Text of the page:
While most people relate doulas to childbirth, many hire end-of-life doulas to ease the transition for their sick family members. Since end-of-life doulas are becoming more popular, many people have questions about what they do. Here are answers to the eight most common FAQs about death doulas:
I thought that doulas helped with childbirth?
Doulas are most commonly associated with pediatric scrubs and childbirth. They generally provide emotional, mental and physical support for expecting mothers throughout the labor process. In fact, the movement began in the 70s as the Lamaze method took off. Baby Boomers began looking for alternative ways to give birth outside of a traditional hospital environment. Now that many of those Baby Boomers are nearing the end of their lives, they are using doulas again. While doulas can and do specialize in childbirth, many of them are focusing on the end-of-life process instead.
What does a death doula do?
Doulas provide continuity. They help patients and their families before, during and after a death occurs. Doulas may offer different services depending on the clients and their needs. They provide companionship, help clients with non-medical tasks, talk with the family about what to expect, help with funeral planning and assist clients with legacy projects (i.e. sentimental items such as quilts, jewelry, scrapbooks and letters that the deceased leaves behind).
Do end-of-life doulas have medical experience?
Doulas are not required to have healthcare training, and people of different professional backgrounds become end-of-life doulas. That being said, many people from the healthcare field become doulas. In particular, nurses who used to spend hours in scrubs often become doulas. Healthcare workers who love to care for patients are often drawn to doula work because it allows them to provide holistic care focused on the whole patient, not only their immediate medical needs.
Where do end-of-life doulas work?
Most death doulas work with patients in their homes. However, they may also visit patients in assisted living facilities, independent living facilities or even hospice care. A doula will work with you to determine the best services and environments for your loved one.
Are death doulas different from hospice?
Death doulas and hospice workers care for patients approaching the end of their lives, but the focus is different. Hospice care focuses on meeting the physical needs of the patient and providing medical treatment. For instance, hospice work helps with pain management and basic life activities like eating and bathing. Death doulas may help with physical tasks to provide comfort, but they also focus on patients’ emotional and mental components. They help out with tasks beyond the scope of most hospice work, such as helping clients decide how they want to spend their last day. If your loved one is in hospice, you can still hire a death doula to ease this troublesome time.
When can you begin working with a death doula?
End-of-life doulas have a much more flexible timeline than other types of terminal medical care. For example, patients usually have to qualify before being admitted to hospice, but they may hire a doula before that point. Since most insurances do not cover doulas, clients generally have to pay for them out of pocket (more on how much death doulas cost below). If you or your loved one has a terminal condition that will cause deterioration over time, you might want to find an end-of-life doula sooner rather than later.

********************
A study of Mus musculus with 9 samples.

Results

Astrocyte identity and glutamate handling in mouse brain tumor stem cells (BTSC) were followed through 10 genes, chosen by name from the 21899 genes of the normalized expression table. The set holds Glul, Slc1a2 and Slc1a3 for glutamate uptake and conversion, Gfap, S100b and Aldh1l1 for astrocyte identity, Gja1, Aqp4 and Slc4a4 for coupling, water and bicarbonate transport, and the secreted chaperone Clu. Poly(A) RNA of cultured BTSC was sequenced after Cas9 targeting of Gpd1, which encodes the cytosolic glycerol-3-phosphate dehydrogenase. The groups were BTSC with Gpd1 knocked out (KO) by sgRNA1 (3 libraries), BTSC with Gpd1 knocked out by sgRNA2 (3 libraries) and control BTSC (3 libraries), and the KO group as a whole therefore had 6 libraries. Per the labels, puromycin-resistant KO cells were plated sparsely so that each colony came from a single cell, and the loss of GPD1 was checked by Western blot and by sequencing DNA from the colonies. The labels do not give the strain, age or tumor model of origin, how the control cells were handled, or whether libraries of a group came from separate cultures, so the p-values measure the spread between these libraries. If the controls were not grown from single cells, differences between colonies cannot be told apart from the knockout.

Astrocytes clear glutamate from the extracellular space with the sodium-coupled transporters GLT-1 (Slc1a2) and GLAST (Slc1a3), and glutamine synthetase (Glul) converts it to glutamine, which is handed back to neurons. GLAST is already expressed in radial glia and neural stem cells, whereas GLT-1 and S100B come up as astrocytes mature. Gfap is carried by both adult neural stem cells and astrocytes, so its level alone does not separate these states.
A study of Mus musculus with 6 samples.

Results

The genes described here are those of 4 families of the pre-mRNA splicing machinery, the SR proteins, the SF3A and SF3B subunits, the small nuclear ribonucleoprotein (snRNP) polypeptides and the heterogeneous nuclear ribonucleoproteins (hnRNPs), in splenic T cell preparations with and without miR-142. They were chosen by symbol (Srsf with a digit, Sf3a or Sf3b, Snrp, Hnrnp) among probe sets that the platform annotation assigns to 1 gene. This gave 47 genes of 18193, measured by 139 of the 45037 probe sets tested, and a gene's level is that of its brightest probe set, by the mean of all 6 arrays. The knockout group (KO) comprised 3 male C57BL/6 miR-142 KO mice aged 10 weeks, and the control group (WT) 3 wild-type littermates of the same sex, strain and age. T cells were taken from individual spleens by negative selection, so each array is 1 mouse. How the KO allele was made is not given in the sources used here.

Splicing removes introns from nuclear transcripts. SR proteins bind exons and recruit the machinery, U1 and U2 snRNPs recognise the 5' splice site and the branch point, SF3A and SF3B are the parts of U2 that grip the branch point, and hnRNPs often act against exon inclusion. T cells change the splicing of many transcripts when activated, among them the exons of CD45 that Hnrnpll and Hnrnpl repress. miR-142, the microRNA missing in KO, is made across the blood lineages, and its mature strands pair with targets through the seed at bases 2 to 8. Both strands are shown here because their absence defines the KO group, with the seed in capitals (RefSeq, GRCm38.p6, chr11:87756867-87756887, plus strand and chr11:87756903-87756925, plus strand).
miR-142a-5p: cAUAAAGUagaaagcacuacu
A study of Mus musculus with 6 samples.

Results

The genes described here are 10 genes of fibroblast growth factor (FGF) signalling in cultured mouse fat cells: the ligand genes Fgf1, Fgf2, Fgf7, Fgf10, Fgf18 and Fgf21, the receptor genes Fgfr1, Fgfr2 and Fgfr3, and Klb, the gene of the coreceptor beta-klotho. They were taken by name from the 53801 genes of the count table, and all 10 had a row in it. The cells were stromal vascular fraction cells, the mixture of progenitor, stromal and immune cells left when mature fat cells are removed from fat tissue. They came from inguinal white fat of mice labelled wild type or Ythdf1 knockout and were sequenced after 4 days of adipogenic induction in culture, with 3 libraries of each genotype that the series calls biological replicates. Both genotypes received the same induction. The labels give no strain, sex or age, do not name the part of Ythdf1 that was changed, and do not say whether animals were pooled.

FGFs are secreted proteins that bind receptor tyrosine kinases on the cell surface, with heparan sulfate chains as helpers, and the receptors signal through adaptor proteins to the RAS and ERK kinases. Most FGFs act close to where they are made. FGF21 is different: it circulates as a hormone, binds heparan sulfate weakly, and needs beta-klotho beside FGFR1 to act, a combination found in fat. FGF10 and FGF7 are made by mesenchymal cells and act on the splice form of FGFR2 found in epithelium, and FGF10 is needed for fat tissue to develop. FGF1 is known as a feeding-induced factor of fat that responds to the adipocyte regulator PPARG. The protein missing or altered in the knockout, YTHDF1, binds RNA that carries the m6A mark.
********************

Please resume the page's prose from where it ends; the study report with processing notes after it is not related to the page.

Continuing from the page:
Are death doulas certified?
Since death doulas are relatively new, the industry is still unregulated. End-of-life doulas do not need any kind of certification to begin work. However, several organizations offer optional credentials, such as the International End of Life Doula Association (INELDA) and the Larner College of Medicine at the University of Vermont. Look for a death doula that has accreditations from a well-known organization. You should also ask for referrals in your area and interview any potential end-of-life doulas before hiring them. You want to make sure that they are qualified and a good fit for your family.
How much do doulas cost?
Because doulas are unregulated and operate outside of health insurance, they can pretty much set their own rates. Some doulas might charge by the hour, while others might offer packages for different services. Some offer a sliding scale that depends on the type of care they provide and how much a patient can pay. Still, others work on a purely volunteer basis, offering their skills pro bono to families and clients in need. Make sure you clearly establish payment expectations with your chosen doula before signing a contract.
When should I hire an end-of-life doula?
There are many reasons to hire a death doula. They can help educate you and your family about the dying process and dispel some mysteries or concerns. They can provide companionship for clients and temporary relief for family members serving as around-the-clock caregivers. They can make the entire process more humane and provide mental and emotional support (and spiritual support, if you want that too). If you’re afraid that your family won’t respect your end-of-life wishes, a doula can act as an advocate for you and even help administer your will correctly.
Doulas might not wear scrubs or use stethoscopes, but many families find them integral to the end-of-life process. If you need more support during the end-of-life process, consider a death doula.